Amanda Gorman: Hopes for the New Presidential Administration

A mural depicting Amanda Gorman was erected at the Laguna & Page St intersection in San Francisco.

Ms. Cristin Kuehl

A mural depicting Amanda Gorman was erected at the Laguna & Page St intersection in San Francisco.

When day comes, we ask ourselves, where can we find light in this never ending shade?” Amanda Gorman began on the 20th of January, 2021, in front of the eyes of America and much of the world. From that moment on, the 22 year-old inaugural poet became a sensation. 

Raised by a single mother in Los Angeles, California, she struggled with a speech impediment as a child. In a story that warmed the hearts of millions, Gorman found her voice through poetry, writing, reading, and on occasion, rapping “Aaron Burr Sir” from Hamilton (because of its abundance of r’s, an especially challenging letter). She added in an interview that rather than seeing her difficulties forming certain sounds as an impediment, it was a gift: “I was experiencing these obstacles in terms of my auditory and vocal skills, [so] I became really good at reading and writing.” Clearly she was on to something, because Gorman became the youth poet laureate of Los Angeles in 2014 and published a book (called The One For Whom Food is Not Enough) at the age of 16. Two years later, she started One Pen One Page, a nonprofit encouraging youth leaders and writers. She went on to perform her poem “In This Place: An American Lyric” before the Library of Congress, and from there the rising star attended Harvard University with a focus on sociology. During her time there, Gorman was named the first National Youth Poet Laureate.

“The Hill We Climb” was largely composed in the days following the riot on Capitol Hill, and it articulates what this country is and what it strives to be. In a time rife with fear and uncertainty, death and despair, many found hope in the rhythmic words Gorman recited. “Somehow,” she said, “we’ve weathered and witnessed a nation that isn’t broken, but simply unfinished.” Notably, many of the lines in the poem resonate back to goals President Biden’s campaign focused on, such as unity rather than the abundance of division that has festered in the past few years. Stated in prose by Gorman, “We lay down our arms so we can reach out our arms to one another.” 

[I] interpreted the poem as a call to action of what needs to be done in our country.”

— Kyla Lopez '21

SHC senior Kyla Lopez said she “interpreted the poem as a call to action of what needs to be done in our country.” She adds that one particular idea resonated with her, “Yes, we have to withstand so many things as a country, but it is our job as citizens to close the divide, in order to build a brighter future for the next generation… I want to arrive at a point where everyone could feel free and secure, regardless of their backgrounds. Especially for my little sister, I want her to live in a country that she feels secure and proud to live in.”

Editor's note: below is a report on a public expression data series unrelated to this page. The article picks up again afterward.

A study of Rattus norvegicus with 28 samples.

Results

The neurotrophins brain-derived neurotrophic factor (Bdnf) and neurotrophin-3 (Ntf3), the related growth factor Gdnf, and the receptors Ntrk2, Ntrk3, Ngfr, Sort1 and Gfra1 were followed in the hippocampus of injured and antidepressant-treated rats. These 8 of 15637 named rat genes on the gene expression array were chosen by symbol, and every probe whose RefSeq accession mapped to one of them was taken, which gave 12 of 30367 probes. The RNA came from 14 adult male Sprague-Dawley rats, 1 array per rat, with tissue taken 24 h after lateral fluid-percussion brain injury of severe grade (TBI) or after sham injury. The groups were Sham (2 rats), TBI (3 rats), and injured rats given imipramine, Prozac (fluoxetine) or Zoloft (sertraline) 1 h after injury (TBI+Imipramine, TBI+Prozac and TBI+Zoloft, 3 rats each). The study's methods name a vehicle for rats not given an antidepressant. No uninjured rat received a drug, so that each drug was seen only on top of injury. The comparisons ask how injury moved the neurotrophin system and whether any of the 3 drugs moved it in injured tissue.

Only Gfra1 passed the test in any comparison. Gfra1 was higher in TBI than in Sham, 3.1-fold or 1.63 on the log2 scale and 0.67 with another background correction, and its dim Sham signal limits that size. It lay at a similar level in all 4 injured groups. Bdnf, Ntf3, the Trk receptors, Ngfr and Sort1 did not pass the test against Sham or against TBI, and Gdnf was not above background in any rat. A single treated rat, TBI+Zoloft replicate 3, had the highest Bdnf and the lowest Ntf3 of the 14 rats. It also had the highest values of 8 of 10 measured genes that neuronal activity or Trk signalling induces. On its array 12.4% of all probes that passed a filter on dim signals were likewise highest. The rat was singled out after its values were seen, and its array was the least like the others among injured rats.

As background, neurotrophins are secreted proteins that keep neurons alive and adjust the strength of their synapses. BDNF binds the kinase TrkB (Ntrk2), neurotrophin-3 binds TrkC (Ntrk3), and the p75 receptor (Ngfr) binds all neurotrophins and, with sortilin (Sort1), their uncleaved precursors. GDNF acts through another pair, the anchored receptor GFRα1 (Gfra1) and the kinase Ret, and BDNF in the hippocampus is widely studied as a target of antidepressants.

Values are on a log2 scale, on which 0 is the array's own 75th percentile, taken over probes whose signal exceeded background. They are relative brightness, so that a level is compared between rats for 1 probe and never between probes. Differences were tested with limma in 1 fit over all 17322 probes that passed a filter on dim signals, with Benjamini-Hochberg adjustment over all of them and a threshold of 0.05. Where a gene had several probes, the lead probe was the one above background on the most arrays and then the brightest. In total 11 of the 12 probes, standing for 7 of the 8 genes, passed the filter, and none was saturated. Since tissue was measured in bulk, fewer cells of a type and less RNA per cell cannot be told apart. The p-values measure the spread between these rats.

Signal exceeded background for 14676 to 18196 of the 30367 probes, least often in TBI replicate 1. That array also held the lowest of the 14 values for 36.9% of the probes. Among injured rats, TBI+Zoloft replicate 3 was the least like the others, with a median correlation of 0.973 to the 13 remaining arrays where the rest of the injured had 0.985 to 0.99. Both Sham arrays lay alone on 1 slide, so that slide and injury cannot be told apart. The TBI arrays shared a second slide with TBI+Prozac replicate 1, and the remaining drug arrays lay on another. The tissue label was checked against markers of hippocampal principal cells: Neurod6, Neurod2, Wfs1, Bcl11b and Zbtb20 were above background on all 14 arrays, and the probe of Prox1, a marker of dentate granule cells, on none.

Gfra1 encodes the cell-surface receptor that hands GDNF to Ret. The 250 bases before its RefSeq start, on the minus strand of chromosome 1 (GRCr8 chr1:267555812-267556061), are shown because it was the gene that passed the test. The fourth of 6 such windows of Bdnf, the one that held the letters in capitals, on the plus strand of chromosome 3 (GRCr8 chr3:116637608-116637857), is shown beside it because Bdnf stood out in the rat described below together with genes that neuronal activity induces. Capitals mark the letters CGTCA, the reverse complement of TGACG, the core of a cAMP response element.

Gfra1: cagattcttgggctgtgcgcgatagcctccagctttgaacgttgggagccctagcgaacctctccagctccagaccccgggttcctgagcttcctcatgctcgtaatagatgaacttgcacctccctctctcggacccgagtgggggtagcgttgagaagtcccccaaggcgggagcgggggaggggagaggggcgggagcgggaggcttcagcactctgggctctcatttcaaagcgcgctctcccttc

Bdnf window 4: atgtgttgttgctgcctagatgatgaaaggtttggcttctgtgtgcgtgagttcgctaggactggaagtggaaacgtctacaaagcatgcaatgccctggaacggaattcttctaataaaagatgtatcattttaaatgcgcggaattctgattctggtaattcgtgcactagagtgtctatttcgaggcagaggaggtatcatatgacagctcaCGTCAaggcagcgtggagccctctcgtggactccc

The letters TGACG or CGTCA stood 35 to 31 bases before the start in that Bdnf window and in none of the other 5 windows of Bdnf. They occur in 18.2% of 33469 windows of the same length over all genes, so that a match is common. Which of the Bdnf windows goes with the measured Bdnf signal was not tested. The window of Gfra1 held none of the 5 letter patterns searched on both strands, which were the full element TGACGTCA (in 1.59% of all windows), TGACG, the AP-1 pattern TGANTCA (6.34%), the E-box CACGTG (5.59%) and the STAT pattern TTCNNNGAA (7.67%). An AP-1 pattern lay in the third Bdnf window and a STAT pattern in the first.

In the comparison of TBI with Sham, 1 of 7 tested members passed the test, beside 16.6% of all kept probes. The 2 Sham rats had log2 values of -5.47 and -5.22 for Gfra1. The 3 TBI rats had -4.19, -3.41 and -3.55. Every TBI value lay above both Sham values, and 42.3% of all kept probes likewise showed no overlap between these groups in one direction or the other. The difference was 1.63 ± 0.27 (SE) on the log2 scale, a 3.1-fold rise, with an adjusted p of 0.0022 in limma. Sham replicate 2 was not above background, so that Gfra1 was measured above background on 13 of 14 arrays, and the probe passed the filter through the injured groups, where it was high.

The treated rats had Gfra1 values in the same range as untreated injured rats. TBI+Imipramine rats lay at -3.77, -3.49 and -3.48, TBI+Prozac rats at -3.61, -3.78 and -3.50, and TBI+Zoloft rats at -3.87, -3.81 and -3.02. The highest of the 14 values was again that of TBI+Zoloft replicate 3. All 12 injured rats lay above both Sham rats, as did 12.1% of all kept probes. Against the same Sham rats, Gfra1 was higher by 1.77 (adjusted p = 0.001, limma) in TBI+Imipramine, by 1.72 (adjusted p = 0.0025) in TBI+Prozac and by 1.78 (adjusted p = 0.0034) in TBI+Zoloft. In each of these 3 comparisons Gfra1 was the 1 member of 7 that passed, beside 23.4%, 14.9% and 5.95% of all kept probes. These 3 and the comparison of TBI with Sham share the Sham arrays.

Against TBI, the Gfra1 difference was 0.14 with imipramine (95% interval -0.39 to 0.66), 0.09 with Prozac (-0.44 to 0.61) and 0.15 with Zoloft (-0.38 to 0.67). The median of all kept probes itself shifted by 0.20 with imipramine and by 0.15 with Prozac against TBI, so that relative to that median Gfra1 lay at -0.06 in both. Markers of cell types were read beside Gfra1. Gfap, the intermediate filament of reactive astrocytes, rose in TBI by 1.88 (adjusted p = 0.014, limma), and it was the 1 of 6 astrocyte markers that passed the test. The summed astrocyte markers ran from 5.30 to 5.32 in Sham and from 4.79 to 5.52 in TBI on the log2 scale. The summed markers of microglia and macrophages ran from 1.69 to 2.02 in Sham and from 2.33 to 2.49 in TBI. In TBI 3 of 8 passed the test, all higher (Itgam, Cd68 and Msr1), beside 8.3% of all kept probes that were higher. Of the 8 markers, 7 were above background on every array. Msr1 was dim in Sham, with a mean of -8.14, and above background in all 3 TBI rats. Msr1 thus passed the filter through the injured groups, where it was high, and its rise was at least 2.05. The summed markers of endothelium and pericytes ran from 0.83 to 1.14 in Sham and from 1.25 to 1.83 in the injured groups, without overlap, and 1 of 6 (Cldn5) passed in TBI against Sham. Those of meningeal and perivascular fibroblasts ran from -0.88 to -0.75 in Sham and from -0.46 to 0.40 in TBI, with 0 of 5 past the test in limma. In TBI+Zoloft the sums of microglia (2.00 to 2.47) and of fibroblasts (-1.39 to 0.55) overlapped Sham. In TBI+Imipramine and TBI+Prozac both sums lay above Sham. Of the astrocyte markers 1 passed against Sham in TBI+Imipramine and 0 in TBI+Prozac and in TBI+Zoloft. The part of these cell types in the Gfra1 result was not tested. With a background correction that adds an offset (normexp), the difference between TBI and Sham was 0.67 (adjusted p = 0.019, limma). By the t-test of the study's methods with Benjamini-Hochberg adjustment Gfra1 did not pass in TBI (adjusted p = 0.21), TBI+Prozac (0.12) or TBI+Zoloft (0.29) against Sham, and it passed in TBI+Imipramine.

Aine Connolly ‘23 mentioned how inspiring Gorman is, and noted that she “thought it was pretty cool when she said that as a child she dreamed of becoming a president, and now she ended up performing in front of the first Black and East Asian female Vice President.” Ries Chu ‘23 added that “[Gorman’s] gotten very popular recently because she’s a fresh voice, young, a person of color who is obviously educated, and — compared to the mostly older white men in the government and politics — adds a different perspective. Similar to AOC, she’s drastically different from the norm.” Especially for younger generations who find politicians such as Cortez a reflection of their own variety of perspectives rather than of more limited viewpoints, Amanda Gorman is a manifestation of where we’re headed. Kyla Lopez reaffirmed this when she said “Amanda Gorman is becoming popularized not only for her inspirational work, but because she is someone that the youth could relate to.” 

“She is only four years older than many of our students, and that has me thinking of the places you all can go and what you can accomplish!” English teacher Ms. Kuehl exclaimed, before going on to note that “so much about this past election was about what matters to socially just people…. so I think that resonated.”

Amanda Gorman’s poem “The Hill We Climb” was insightful and relevant regardless, but many are amazed by the fact that she is only 22 years old, for the wisdom she shared on the 2oth seemed far beyond that. She concluded her poem by tying everything together, calling out, “For there is always light, if only we’re brave enough to see it. If only we’re brave enough to be it.”

Watch the full poem, “The Hill We Climb”, performed by Amanda Gorman on Inauguration Day.